Across the globe, young people live in a changing world where success is increasingly dependent on facility in science, technology, engineering, and math (STEM). But not all school systems have access to STEM training and resources, and not just in the U.S., but around the world.
Now a team of Tufts researchers is working to change that with a new project, the LEGO Foundation Tech and Play initiative, which will partner with organizations in Brazil, Kenya, and Rwanda to co-develop tools and training that can prepare students to be the next generation of changemakers. That means thinking like scientists and engineers: fostering innovation, taking risks, learning from failure, and trying again. It also means encouraging play.
“Play and engineering look really similar in some ways,” said Merredith Portsmore, E98, A98, G99, EG10, director of the Center for Engineering Education and Outreach (CEEO) at the School of Engineering, and a research associate professor. “Play is iterative, it’s meaningful, it’s socially engaged.”
Funded by a $1 million grant from the LEGO Foundation, the team is focused on fostering STEAM (that’s STEM plus the arts) education capacity over the next two years. The project has three primary goals: developing communities that support play in engineering, providing tools and research on how students learn, and supplying teacher professional development.
Faculty and staff at Tufts CEEO, one of the first centers in the U.S. dedicated to engineering education, have long experience in innovative educational initiatives and in working with educators from across the globe.
While researchers from Tufts CEEO and the Department of Mechanical Engineering focus on developing hardware and physical materials, faculty and graduate students from the Department of Education are taking the lead on understanding student thinking, and Tufts CEEO is using its expertise in online teacher training to develop teacher education programs.
The Tech and Play initiative connects them with three other U.S. organizations: the Scratch Foundation, the Lifelong Kindergarten group at MIT Media Lab, which developed the Scratch programming language for children, and the Tinkering Studio at the Exploratorium, a San Francisco museum of science, technology, and arts.
One Size Doesn’t Fit All
Different countries and education systems have different needs and levels of technical resources. Chris Rogers, principal investigator of the grant and the John R. Beaver Professor in the Department of Mechanical Engineering, is working with Research Associate Professor Ethan Danahy, E00, EG02, EG07, of Tufts CEEO to develop hardware and physical materials that could be used in classrooms.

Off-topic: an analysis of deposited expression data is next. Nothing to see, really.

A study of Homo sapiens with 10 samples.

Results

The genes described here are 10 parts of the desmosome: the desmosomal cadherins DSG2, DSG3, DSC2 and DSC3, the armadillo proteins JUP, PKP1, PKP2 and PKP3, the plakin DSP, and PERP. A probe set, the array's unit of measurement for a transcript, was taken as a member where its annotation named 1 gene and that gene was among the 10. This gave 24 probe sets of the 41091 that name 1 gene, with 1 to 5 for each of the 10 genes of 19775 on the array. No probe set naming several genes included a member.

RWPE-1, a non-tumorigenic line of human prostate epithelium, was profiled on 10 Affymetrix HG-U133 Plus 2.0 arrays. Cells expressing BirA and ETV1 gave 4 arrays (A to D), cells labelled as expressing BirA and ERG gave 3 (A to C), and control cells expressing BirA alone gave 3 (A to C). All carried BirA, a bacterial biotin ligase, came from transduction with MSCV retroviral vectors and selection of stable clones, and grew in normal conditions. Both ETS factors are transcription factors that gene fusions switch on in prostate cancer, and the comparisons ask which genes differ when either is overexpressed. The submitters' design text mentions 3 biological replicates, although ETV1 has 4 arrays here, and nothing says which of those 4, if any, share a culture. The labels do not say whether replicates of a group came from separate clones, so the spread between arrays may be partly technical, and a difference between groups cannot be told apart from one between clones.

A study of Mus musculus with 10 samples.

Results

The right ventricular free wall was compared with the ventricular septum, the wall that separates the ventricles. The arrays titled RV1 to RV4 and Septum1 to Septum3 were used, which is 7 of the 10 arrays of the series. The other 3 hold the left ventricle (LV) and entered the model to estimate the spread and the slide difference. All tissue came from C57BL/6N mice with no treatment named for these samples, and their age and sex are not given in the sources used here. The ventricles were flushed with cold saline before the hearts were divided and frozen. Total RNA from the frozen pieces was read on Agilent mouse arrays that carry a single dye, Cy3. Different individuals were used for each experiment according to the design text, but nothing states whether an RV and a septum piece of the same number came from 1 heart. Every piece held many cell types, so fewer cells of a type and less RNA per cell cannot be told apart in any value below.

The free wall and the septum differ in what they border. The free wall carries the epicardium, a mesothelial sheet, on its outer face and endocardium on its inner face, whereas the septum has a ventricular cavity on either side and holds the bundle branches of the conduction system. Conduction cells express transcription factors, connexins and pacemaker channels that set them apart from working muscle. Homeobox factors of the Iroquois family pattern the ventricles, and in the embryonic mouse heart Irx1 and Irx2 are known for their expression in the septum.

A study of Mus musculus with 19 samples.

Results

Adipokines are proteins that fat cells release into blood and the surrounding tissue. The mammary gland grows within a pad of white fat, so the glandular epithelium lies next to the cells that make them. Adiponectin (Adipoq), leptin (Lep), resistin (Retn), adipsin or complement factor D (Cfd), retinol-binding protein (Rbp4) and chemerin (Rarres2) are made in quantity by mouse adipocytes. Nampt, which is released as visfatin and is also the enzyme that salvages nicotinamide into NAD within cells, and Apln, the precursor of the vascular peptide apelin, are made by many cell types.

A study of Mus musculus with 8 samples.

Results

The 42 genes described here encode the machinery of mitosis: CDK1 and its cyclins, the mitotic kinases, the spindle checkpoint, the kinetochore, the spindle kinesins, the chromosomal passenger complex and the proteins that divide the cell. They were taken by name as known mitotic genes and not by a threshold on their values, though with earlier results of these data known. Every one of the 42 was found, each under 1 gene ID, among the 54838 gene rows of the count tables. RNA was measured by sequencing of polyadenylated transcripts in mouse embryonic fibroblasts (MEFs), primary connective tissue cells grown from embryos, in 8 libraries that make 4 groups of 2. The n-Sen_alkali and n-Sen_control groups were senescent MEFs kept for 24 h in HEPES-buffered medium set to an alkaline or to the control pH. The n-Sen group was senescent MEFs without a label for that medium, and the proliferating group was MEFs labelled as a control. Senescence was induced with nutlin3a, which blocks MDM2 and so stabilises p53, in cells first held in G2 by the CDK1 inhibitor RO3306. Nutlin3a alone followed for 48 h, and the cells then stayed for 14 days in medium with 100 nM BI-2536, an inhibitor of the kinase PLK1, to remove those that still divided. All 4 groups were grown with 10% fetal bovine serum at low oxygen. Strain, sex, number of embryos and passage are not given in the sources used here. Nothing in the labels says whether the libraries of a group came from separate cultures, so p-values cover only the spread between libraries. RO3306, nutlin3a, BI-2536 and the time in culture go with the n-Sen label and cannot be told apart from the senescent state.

As part of the Tech and Play initiative, some classrooms will incorporate robotics, said Rogers. “Right now we are figuring out what sort of low-cost toolset we can develop that can teach robotics without a computer, and we have cool prototypes that look at programming your robot by training—artificial intelligence—instead of coding,” he said.
The U.S.-based teams are working with organizations in Brazil, Kenya, and Rwanda, which will implement the programs. Experienced non-governmental organizations in each country are sharing their knowledge of local context, cultural values, and needs in the education space, and will ultimately implement the programs developed.
Assistant Professor Brian Gravel, E01, EG04, AG11, of the Department of Education is drawing on previous work to focus the efforts in culturally sustaining ways. He has a longstanding relationship with Malden Public Schools, where his group has supported the creation of maker spaces, courses focused on creativity, play, and engineering, and professional development experiences.
“The work in Malden was built on decolonizing frames,” said Gravel. “We have worked hard to make sure that ‘making’ was not a colonizing force in schools. We build from those experiences, exploring the vast, diverse, and personal experiences and practices with making that everyone brings to this shared work, and we are excited to continue learning with and alongside partners in new places.”
Tufts Expertise in a Global Context
The Tufts researchers look forward to collaborating with and learning from their colleagues on the Tech and Play initiative. “This is a great opportunity for us to learn from the partner countries, and to look for different ways the content can be taken up by teachers in classrooms,” Rogers said.
The team will leverage Gravel’s and Tufts CEEO’s studies of K-12 education in the Boston area as well as the experience of nonprofit Karkhana to adapt approaches for different contexts with different resources. Karkhana is an education company and makerspace based in Nepal. It was co-founded by Dipeshwor Shrestha, a PhD candidate in education at Tufts who is now working on the Tech and Play initiative.
“Karkhana has been helping us learn how to make connections and learn about local contexts,” said Portsmore. “They’re sharing work they’ve done and what the obstacles and roadblocks were. The goal is to co-design teaching and learning tools with us.”
Collaboration is the key to it all. “When students and teachers learn together in school, working on issues or ideas they care about, the learning potential is tremendous,” said Gravel. “Together with teachers and students in Rwanda, Brazil, Kenya, and Nepal, we hope to deepen the ways we think about how learning through play and making can enhance learning experiences in schools.”
Lynne Powers can be reached at email@example.com.